The Inferior (book, Peadar O Guilin, 2007)
I was on a bit of a man’s lib kick when I read this story for Death Ray 5. It was awesome. I will be reading it to my son as soon as he is old enough to kill his first alien and eat it raw. The sequel, The Deserter, is on my “to read” pile, and I look forward to devouring it.
UPDATE – I read The Deserter in 2013. Equally brilliant and full of even more high SF concepts, centre stage is shared by Stopmouth’s partner, a great female character.
Peadar Ó Guilín /David Fickling Books/£12.99(HB)
Read this, and remember why science fiction lit your fire in the first place. Just stay out of butcher’s shops for a few days afterwards…
Bloody, visceral, and unashamedly masculine, once The Inferior sinks its teeth into you, it will not let go.
A gory story introduces us to a tribe of humans in a ruined city who ceaselessly war against rival bands of aliens. The reason? There’s nothing in it to eat but each other… There’s a great SF idea concept, revealed through the adventures of the stuttering Stopmouth, and its theme, masculinity in the modern world, is tackled so well The Inferior should be required reading for boys.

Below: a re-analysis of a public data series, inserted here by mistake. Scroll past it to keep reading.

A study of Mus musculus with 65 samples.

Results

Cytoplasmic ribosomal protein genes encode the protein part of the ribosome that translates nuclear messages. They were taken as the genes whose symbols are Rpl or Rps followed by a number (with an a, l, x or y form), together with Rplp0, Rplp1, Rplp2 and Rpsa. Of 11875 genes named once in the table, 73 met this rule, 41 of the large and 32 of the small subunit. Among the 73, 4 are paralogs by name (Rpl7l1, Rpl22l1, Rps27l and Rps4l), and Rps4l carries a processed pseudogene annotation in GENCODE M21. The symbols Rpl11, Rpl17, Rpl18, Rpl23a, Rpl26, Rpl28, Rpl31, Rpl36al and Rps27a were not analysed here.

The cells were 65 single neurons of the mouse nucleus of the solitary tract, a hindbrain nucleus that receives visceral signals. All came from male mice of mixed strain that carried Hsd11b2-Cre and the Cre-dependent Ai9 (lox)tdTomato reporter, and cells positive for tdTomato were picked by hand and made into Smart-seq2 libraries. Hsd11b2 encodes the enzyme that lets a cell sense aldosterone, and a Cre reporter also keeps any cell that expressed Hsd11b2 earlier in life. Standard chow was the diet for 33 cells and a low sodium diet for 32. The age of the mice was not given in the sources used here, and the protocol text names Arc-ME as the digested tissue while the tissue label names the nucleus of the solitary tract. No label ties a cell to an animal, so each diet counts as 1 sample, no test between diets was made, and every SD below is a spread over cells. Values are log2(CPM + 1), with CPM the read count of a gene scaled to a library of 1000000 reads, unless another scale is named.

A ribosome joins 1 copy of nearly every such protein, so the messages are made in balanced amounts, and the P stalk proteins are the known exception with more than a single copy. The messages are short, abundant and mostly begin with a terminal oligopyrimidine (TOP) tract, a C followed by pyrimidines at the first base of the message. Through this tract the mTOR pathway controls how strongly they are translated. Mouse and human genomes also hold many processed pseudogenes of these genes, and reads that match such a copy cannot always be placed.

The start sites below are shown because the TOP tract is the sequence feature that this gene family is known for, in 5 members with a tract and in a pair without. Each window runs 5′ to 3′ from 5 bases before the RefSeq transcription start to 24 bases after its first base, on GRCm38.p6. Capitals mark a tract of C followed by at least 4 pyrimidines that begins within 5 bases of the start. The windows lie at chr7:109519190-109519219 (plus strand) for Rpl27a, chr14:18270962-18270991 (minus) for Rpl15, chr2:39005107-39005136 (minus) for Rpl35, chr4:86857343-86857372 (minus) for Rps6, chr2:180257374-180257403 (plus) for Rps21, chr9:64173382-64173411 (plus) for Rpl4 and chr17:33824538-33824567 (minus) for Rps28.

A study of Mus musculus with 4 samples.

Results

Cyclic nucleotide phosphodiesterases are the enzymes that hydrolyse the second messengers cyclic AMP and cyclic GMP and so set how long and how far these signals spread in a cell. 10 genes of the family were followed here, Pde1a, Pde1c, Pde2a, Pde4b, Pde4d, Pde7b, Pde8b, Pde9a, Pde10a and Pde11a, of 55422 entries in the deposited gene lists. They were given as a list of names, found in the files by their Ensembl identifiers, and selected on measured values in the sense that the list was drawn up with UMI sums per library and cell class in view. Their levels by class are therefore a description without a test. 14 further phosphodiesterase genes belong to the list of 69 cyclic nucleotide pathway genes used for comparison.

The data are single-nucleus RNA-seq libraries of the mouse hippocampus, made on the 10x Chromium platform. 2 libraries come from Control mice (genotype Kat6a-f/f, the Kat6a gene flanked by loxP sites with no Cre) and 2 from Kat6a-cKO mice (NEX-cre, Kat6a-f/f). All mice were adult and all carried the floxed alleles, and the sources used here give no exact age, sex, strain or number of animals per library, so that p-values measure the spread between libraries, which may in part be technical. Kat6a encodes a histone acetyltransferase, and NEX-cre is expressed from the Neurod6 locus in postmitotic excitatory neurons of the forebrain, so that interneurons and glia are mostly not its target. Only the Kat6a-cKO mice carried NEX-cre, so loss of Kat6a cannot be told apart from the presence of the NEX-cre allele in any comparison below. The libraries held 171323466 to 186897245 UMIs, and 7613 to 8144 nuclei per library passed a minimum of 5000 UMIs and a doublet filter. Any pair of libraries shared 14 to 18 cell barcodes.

The upbringing of males today is predicated on the denial of the masculine , with the warlike ways of our ancestors – acquiring resources through force – seen as wrong. They are, but unfortunately a chunk of the male psyche has evolved to allow us to be very capable of doing precisely that, and the problem is we’re supposed to learn to live with this darker side without acknowledging it. It doesn’t help that men are often portrayed as poltroons, irrelevancies to their children and irritations to their wives, while other parts of the media glorify violence as being both desirable and free of consequence. This schizophrenic treatment of maleness leads to untamed aggression, while the positive attributes of traditional manliness – honour, mercy, bravery, self-sacrifice, emotional fortitude – are neglected.
The Inferior examines this by pitching us into the most violent situation imaginable, where a talent for fighting is not just admired, without it you are dead. But this is no paean to war – the story’s portrayal of battle is unflinchingly grim. In Stopmouth’s world, being a warrior is a brutal fact of life, and that makes the hero’s realisation of a broader concept of humanity all the more powerful. This is a character who comes into a balanced maturity aware of both sides of his nature.
Restraint is the greatest virtue of modern manhood, but you cannot tame the beast by ignoring it, and this book acknowledges that. Our inner warriors increasingly have little place in our society, but books like The Inferior can only help us make our peace with them by allowing us, briefly, to see through their eyes.